National Caregivers Month

Whether it is offering comfort, assistance, or solace to a family member, spouse or friend on dialysis, caregiving is one of the most important (and rewarding) acts that a person can perform for another. However, it many times goes unnoticed, unappreciated, or just taken for granted. November is a month for caring, sharing, and giving thanks. Thanksgiving Day will be celebrated now and ironically, it is National Caregivers Month.

How appropriate! Native Americans, who provided food, sustenance, and support to our Pilgrim forefathers, were truly our first caregivers. As then, our era today needs the support for those who take care of their loved ones in need.

One of the reasons that caregiving has evolved into a $265 Billion Dollar per year altruistic need (U.S.) is because of the increased longevity of life. It is estimated that in my state of Massachusetts alone the figure approaches $4 Billion Dollars a year. Much of this is due to advanced medical technology, but we also need to factor in the caretakers role. Caregiving is a universal undertaking of unforeseen magnanimous proportions. Therefore, more attention should be devoted to this cause.

So what does this have to do with dialysis?

In my book, Poignant Moments . . ., “Linda Alexander . . . points out that, “Dialysis patients have presented larger interpersonal problems for health care professionals to consider than many other chronic groups . . .” She goes on to explain “. . . their care entails attendance to variables not usually included in treatment plans. . . .”

Here are just a few personal characteristics that ESRD caregivers face day in and day out with their care receivers:
• Acute and chronic anxiety
• Dependency
• Depression
• Restlessness
• Anger
• Complaintiveness
• Non compliance

And there are many more!

When there is a choice, home dialysis, whether it is PD or HD, is among several options loved ones can make decisions. A time that, 33-year home hemodialysis caregiver Marlene Axtmann recently said to me, she was thankful for having her loving husband home during the holidays.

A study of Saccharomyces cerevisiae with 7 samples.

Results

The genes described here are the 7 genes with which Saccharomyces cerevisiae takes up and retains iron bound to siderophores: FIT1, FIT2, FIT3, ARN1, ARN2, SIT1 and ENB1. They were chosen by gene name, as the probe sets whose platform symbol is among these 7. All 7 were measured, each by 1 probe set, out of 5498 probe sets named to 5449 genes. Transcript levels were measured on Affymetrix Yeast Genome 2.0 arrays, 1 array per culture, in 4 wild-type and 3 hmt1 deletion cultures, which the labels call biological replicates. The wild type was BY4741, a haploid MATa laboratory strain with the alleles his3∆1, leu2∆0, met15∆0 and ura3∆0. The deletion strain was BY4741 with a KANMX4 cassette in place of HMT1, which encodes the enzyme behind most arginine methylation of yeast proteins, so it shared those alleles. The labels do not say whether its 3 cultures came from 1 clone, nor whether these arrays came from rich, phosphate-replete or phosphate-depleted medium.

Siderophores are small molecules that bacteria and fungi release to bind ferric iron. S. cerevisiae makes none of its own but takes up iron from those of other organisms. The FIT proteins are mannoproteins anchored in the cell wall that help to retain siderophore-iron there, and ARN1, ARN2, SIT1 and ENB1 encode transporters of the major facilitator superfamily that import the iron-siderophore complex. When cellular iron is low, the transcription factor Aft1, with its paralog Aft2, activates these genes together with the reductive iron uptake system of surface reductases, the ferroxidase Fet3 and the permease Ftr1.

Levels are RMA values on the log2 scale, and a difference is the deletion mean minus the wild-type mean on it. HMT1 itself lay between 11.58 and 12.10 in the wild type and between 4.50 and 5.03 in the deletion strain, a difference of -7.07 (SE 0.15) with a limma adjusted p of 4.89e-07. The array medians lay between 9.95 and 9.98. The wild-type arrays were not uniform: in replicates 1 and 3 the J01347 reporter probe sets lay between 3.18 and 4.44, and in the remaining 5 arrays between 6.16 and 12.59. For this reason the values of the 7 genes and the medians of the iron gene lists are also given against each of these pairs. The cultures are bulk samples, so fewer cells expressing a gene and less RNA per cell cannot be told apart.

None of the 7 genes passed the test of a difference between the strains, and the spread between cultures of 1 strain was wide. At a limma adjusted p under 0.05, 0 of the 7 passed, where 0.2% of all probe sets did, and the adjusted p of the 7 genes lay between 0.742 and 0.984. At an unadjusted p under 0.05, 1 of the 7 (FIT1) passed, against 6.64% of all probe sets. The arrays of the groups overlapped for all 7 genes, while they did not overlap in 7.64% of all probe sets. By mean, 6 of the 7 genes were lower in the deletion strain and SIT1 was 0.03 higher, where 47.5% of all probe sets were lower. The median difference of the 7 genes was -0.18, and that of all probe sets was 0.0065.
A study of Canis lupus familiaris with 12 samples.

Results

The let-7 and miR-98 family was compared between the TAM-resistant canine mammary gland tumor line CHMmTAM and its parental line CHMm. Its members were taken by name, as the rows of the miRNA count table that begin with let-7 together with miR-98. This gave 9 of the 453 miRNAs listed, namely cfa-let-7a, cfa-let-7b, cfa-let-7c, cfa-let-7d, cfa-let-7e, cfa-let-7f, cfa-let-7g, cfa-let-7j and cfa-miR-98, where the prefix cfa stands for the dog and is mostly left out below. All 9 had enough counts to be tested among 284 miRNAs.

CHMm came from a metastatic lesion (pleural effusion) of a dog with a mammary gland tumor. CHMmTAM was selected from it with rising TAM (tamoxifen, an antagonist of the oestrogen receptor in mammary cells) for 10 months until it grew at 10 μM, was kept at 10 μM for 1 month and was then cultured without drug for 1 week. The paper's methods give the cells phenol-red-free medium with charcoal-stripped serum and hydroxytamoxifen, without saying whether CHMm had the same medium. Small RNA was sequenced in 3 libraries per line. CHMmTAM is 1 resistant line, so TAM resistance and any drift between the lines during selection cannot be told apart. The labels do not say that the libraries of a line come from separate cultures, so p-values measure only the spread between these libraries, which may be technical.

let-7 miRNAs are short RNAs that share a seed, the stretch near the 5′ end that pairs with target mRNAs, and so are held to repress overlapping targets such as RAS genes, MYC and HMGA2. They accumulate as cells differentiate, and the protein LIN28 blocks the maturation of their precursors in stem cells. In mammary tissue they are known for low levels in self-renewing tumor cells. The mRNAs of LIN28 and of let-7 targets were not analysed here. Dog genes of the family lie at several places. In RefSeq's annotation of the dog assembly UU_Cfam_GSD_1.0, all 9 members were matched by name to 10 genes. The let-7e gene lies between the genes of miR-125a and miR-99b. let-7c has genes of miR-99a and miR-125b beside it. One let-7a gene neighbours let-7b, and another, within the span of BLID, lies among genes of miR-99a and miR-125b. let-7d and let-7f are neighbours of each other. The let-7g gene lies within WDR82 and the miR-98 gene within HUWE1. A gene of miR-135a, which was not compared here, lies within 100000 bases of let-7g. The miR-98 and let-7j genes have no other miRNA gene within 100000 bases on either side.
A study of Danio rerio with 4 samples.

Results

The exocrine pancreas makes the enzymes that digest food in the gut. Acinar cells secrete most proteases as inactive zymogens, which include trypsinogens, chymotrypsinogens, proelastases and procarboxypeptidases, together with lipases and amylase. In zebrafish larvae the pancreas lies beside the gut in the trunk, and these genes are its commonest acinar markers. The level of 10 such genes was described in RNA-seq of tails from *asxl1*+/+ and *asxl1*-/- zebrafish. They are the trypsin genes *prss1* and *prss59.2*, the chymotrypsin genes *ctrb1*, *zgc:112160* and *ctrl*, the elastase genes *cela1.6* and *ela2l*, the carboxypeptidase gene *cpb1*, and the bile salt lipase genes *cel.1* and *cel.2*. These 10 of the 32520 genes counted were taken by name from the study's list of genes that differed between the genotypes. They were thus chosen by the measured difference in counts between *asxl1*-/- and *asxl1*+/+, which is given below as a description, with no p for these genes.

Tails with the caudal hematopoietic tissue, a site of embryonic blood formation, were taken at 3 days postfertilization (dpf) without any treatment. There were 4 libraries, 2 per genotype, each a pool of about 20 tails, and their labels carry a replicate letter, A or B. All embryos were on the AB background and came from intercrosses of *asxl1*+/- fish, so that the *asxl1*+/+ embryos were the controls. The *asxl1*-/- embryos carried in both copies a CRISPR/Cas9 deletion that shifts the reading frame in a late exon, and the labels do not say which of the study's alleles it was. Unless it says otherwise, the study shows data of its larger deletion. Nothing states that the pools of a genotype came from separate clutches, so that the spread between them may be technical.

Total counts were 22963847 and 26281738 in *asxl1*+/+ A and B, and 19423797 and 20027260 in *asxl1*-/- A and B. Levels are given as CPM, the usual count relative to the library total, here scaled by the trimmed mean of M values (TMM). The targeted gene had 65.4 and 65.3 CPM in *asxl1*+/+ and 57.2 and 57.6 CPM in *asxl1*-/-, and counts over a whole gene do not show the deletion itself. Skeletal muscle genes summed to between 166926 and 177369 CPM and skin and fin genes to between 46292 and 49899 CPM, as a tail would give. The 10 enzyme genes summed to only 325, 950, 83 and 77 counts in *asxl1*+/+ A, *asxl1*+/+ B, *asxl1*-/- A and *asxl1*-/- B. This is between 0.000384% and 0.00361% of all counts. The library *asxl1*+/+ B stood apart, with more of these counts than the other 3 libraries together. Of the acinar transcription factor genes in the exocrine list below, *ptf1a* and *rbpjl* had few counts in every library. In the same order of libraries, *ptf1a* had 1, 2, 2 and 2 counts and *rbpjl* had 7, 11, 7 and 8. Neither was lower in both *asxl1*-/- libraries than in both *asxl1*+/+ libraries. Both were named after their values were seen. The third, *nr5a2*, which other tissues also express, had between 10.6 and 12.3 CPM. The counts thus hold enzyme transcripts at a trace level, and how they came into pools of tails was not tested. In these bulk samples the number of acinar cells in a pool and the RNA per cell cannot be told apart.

But what do we have here?-we have approximately 300,000 thwarted victims of ESRD by a 1973 noble piece of legislation. Yet at the same time, Medicare does not allow for payments for dialysis caregiving, never mind an optimal health treatment plan or self-education for those afflicted. Caregivers for ESRD patients are not well known. Look at the internet discussion boards. Com’on folks we are few and far between. “There is a big gap there” as somebody in the know recently commented to me. Where are we, or for that matter, where are all caregivers for all chronic diseases recognized? It is in November-National Caregivers Month.

Let us remember, “You’re not alone.”

Caregiving comes from the heart, from the soul, from the inner most part of one’s self. Sometimes there is a choice. Sometimes you have no choice. Whether you feel you have alternatives or not, a caregiver frequently will be undertaking insurmountable complexities. It can be a trauma like any other. Dialysis caregiving often takes more than just psychological soothing. It takes on a technical aspect and commitment in knowing that there is not a cure; there is no hope, unless the care receiver stays on board; on board a ship that began in the sixties and is now surfacing after years of a non-responsive general public awareness.

Home dialysis offers a more personal approach, including comfort, less arduous treatment, and empathy from professional caregivers. For these reasons, I am thankful during this time of reflection for having had the opportunity to care for someone I loved on home dialysis.

As 85-year-old Jurgen Hesse, dialysis author and patient says, “What do people think we terminally ill people want before anything else? We want someone to give a bleep for us, someone who offers us his or her care…”

John Francis Wissler is author of Poignant Moments . . . A Caregiver’s Perspective (BOOKSURGE, LLC an Company isbn 1-4196-1042-2), a memoir recounting his 12 years living with Lois, ESRD, in-center hemodialysis, peritoneal dialysis, and ultimately home hemodialysis. Currently he is writing a play script based on his book.